Would Labour really rescind the Jackson Reforms if they gained power?

July 1, 2013

There have been many criticisms of the reforms imposed following the Jackson review of the Personal Injury system in the UK.

Not least by solicitors themselves, many of whom had welcomed the opportunity to utilise their legal qualifications where there was otherwise little hope of doing so in order to help members of the public claim due compensation upon falling victim of accidents that weren’t their fault.

The capping of fees claimable by solicitors has made both sides now think twice about approaching a claim. Andy Slaughter, a former barrister himself, branded the volumes of changes adopted by the Government “foolhardy”.

Moreover, should the Labour party gain control at the next election, there was no small hint that some of the reforms would be rescinded should Slaughter assume the role of Justice Minister proper.

Too early to judge whether Jackson reforms will work

The Shadow Justice Minister did concede that it was far too early to judge the changes given that they’re only just coming to the end of their first quarter as law.

However, he did question whether, if the personal injury sector itself was struggling to cope with so many new challenges, how the public were supposed to understand the raft of changes.

Solicitors fees have been capped for small claims; that’s the biggest chagrin that both the public and personal injury solicitors have in light of the Jackson Reforms taking effect.

For law firms that have adapted their business model to operate on a no win, no fee basis, there’s had to be a sharp rethink of tactics.

Whereas prior to the reforms, fees were recovered from the losing party, solicitors’ fees are now detracted from the successful plaintiff’s compensation award.

The bar for the amount of compensation that can be awarded has been raised by 10% to accommodate the solicitor’s fees being detracted from any award.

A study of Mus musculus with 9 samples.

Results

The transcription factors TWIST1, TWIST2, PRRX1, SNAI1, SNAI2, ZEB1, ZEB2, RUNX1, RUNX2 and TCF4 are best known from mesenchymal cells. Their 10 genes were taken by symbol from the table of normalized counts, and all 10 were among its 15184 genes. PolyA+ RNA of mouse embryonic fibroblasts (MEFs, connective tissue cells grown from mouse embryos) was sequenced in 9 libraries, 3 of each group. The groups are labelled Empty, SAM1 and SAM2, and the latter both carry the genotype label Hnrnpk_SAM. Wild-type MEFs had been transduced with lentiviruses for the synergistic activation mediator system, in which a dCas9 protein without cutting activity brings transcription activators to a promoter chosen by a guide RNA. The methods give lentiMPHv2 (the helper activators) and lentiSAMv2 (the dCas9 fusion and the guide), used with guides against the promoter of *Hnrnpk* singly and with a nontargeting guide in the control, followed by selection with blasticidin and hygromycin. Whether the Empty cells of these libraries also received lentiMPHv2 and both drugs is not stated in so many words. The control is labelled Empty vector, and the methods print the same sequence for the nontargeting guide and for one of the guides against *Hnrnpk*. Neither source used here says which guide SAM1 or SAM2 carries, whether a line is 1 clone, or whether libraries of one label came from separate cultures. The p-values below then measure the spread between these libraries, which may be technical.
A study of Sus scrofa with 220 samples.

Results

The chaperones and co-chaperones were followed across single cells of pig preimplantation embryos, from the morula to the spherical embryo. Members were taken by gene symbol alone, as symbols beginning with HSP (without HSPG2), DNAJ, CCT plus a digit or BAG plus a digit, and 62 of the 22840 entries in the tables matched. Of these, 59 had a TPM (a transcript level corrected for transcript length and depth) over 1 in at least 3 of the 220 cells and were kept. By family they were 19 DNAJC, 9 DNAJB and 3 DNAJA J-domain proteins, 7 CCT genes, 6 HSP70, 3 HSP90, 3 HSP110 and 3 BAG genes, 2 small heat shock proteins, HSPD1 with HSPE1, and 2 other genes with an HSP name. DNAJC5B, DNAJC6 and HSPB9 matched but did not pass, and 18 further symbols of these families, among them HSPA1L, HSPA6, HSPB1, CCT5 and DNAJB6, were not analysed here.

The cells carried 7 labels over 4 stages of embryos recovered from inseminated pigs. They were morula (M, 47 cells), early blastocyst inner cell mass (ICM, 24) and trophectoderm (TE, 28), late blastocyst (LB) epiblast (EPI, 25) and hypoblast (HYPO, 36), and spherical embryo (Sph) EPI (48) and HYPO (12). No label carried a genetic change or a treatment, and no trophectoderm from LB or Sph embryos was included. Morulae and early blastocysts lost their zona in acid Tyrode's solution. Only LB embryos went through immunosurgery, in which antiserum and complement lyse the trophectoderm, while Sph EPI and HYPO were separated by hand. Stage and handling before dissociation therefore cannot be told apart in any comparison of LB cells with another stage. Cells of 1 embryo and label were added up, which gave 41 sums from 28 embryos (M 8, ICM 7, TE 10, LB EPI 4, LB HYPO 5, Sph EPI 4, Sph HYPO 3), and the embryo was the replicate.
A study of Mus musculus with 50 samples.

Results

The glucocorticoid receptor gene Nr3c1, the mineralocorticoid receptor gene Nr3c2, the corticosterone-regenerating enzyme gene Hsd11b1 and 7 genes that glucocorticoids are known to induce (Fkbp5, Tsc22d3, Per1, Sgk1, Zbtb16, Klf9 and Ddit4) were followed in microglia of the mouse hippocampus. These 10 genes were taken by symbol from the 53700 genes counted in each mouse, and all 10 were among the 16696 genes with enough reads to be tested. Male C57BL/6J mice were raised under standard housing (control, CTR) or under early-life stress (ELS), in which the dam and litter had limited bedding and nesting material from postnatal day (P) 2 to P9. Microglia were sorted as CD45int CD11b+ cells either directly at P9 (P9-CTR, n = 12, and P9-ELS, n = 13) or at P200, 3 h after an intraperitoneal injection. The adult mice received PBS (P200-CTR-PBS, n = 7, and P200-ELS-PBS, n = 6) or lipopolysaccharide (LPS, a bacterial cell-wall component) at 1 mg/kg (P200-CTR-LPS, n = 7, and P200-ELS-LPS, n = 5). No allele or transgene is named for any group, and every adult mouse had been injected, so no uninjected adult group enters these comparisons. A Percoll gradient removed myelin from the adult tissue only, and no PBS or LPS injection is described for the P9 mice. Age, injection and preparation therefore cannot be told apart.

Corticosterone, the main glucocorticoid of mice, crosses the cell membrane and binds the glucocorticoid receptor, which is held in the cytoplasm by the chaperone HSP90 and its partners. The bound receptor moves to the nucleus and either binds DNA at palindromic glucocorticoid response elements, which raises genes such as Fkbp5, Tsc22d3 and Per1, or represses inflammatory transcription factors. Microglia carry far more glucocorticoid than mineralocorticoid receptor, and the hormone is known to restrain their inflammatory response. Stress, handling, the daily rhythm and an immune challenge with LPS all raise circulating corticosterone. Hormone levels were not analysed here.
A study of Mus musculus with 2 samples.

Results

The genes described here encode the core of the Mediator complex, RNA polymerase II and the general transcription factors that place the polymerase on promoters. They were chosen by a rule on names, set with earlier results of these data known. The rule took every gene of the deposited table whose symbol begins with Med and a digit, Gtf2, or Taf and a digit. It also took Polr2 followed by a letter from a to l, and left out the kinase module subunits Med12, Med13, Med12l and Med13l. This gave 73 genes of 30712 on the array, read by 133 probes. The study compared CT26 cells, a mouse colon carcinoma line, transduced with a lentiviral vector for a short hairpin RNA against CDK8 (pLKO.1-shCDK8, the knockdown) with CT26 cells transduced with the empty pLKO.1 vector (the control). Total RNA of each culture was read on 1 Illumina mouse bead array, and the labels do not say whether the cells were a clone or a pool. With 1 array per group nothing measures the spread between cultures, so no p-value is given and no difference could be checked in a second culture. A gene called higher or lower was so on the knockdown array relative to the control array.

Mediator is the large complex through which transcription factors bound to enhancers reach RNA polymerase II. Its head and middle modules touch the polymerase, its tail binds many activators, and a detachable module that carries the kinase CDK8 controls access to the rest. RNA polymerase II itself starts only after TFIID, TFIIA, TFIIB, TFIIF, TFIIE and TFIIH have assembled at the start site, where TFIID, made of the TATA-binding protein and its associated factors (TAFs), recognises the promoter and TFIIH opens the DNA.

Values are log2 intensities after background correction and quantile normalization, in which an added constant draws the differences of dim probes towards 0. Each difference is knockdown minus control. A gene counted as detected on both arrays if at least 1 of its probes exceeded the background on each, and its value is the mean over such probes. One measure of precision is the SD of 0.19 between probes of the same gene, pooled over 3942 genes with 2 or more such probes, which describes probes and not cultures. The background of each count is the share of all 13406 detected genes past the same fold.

Damages Based Agreement could mean less compensation going to claimant

However, with personal injury claimants having to agree a percentage payable to their representative solicitor under the Damages Based Agreement protocol subsequently imposed, they stand to win less compensation as this fee can be set up to a maximum of a quarter of the total award.

It’s likely that this will be the course of action, too. With victims having to pass on some of their compensation claim to the solicitor, many may think twice about taking a small claim to court.

The nett effect will be personal injury solicitors having to take a bigger percentage from successful claimants simply to maintain their income in light of a reduced number of cases making it to court.

Whereas the solicitor was guaranteed £1,200 fee from the at fault party in a personal injury claim prior to the Jackson Reforms’ implementation – and it’s highly unlikely they’d take on a case in such circumstances if the outcome wasn’t a nailed on cert – the fee is now capped at £500 for a small claim.

Is this the end of the no win, no fee claim culture?

As Andy Slaughter alluded, it’s too early to tell the long-term impact of the reforms. But if it was the government’s plan to make small claims ‘more hassle than they’re worth’, rather than look at ways of dissuading fraudulent claimants from pursuing compensation, it looks like they could well succeed.

What the reforms have failed to take into account is that those making spurious claims really have nothing to lose, having suffered no personal injury in the first instance.

It’s these crooks more likely to persist with a claim than genuine victims, which makes a mockery of the entire process. Changes adopted since the reform will neither attack the root cause of the UK’s ‘compensation culture’ nor ensure that those who warrant compensation actually get it.